A radio show from the European Institute of Jewish Music hosted by Hervé Roten
MUSIQUES JUIVES D’HIER ET D’AUJOURD’HUI – JUNE 7, 2016, JUDAÏQUES FM (94.8), 21H05
Considered as one of the major Jewish holidays such as Roch Ha-Shana, Yom Kippur, Succot or Pesach, Shavuot is a solemnity for more than one reason. First of all, its date is not mentioned in the Torah: it is simply described in the Book of Leviticus (XXIII 15) as happening seven weeks after the second day of Passover. It is therefore necessary to count the days and weeks, hence the name Shavuot which means in Hebrew “weeks”.
This countdown of days coincides with the counting of the Omer, this last word defining a volume of cereals that were offered in the Temple of Jerusalem. On this basis, Shavuot is part of the three pilgrimage holidays (Passover, Shavuot and Succot) that took place in ancient Israel from the beginning of spring until the end of harvest in fall.
Shavuot has another feature: the reading at the synagogue of the story of the giving of the Torah enacted on Mount Sinai as it appears in chapters XIX and XX of the Book of Exodus. The link this holiday makes with the giving of the Torah leads to various customs such as: staying awake on the night of the holiday (Tikun Leil Shavuot), eat milk products, read the Book of Ruth as well as the Hazharot, (sort of paraphrases of the 10 commandments) and the Hakdamot (introductive sections of the Mishna written by Maimonide [1138-1204]). It is also after Shavuot that weddings – forbidden since the 1st day of the Omer – are celebrated again, establishing a symbolic relation between the holy gift of the Tables of the Law to the People of Israel, and the union of a man and a woman.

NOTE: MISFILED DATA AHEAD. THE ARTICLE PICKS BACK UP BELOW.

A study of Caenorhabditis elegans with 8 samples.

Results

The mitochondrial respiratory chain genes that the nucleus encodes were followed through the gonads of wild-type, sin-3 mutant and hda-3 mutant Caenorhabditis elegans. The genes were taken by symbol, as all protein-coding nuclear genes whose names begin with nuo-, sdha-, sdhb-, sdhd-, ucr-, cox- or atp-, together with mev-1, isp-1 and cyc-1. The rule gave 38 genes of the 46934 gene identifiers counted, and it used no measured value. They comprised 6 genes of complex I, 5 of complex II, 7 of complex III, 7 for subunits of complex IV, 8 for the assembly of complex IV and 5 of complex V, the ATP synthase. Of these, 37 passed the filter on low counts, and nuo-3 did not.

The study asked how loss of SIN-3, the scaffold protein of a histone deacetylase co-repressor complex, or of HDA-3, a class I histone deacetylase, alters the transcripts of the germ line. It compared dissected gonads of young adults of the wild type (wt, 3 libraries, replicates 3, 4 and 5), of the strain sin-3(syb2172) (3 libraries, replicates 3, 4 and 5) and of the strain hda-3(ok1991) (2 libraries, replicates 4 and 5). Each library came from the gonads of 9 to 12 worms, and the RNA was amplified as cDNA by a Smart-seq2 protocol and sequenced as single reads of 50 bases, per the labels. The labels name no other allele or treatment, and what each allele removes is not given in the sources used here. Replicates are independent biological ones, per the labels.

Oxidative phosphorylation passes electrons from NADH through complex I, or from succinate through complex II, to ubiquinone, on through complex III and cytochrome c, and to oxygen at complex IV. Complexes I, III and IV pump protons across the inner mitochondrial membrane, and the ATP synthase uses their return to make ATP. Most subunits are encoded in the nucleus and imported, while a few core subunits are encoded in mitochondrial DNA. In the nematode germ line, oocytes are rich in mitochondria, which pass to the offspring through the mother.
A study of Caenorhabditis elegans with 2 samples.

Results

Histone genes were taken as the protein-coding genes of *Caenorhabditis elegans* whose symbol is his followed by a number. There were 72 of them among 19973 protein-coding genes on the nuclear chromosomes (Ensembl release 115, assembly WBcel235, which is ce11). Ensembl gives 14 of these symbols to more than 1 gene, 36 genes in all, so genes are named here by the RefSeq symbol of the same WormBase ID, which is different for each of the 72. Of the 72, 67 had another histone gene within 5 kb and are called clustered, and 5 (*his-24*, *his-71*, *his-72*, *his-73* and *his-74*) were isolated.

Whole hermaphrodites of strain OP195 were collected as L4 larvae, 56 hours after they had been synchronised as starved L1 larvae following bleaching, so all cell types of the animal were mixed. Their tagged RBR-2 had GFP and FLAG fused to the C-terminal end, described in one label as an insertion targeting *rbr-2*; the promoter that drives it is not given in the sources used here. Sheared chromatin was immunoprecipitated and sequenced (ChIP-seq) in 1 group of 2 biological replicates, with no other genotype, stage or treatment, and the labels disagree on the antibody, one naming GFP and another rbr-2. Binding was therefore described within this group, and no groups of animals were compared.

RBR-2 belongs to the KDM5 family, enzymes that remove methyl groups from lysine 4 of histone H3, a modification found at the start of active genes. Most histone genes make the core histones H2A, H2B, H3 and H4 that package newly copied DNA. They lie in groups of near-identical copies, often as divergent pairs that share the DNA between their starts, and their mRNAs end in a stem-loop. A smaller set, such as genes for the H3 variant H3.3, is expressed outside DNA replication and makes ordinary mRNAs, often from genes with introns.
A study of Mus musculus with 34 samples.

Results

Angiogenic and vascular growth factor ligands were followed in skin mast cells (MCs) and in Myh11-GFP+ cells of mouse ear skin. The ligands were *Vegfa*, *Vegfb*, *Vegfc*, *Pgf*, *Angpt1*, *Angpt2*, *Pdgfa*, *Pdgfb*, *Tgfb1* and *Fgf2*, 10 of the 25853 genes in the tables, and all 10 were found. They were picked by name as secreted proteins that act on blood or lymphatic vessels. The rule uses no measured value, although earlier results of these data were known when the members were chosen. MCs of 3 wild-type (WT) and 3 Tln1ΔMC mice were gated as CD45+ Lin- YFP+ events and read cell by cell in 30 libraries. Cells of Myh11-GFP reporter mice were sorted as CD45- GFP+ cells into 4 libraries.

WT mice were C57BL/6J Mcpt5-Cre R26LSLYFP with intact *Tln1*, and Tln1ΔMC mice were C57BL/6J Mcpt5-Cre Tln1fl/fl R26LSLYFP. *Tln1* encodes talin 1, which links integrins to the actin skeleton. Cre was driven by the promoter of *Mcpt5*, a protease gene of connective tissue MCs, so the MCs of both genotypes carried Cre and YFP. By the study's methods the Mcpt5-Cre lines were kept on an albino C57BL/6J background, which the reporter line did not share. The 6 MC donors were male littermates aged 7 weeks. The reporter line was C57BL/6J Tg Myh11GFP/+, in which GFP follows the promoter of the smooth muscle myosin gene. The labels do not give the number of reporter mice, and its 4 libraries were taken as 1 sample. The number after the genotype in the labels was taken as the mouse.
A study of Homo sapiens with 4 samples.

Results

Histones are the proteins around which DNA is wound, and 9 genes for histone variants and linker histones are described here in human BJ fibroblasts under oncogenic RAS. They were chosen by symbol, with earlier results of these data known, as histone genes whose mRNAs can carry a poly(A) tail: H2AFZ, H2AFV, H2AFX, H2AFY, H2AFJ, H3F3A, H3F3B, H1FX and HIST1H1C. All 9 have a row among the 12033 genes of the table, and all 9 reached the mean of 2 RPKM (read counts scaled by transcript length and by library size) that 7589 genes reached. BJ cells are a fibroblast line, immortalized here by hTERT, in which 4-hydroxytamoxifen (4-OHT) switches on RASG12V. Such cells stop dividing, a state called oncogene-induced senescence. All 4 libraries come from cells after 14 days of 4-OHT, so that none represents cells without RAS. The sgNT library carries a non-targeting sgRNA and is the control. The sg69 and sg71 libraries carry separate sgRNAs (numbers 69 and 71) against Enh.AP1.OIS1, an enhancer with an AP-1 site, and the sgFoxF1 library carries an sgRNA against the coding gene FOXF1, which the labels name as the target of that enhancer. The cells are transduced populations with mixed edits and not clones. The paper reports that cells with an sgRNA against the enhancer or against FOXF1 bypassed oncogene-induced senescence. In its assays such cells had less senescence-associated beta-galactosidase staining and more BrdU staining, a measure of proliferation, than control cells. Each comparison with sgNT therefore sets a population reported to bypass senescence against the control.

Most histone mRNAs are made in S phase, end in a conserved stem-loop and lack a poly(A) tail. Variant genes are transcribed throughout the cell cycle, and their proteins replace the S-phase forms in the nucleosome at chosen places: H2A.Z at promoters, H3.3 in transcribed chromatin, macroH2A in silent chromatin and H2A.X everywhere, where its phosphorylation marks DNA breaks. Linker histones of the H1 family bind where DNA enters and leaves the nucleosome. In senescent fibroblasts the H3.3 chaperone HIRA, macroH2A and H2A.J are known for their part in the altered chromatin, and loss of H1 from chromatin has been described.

In a musical point of view, Shavuot doesn’t have specific melodies or prayers, but has its own noussa’h. This word which means in Hebrew “version” designates a proper ritual of one or several communities, and a musical mode used by these communities depending on the ceremony.
To each holiday is associated a specific melody and musical motive which lets any worshipper identify immediately in which time of the religious year he is. Music plays therefore a role of marker in time and space.
Jacques Arnold, cantor and rabbi, will guide us all along this musical journey through space and time, which will maybe make us pass through the 8th dimension?
Officer of the Ordre of Arts and letters, PhD in musicology at Paris University Sorbonne, prize-winning graduate from the Conservatoire National Supérieur de Musique et de Danse de Paris, Hervé Roten is the director of the European Institute of Jewish Music since its creation in 2006.
Ethnomusicologist, he quickly developed an interest in the safeguard and digitization of archives, subjects he taught for several years in Reims and Marne-La-Vallée universities.
Author of many articles, books and recordings related to Jewish music, producer of radio programs, Hervé Roten is recognized today as one of the best specialists of Jewish music in the world.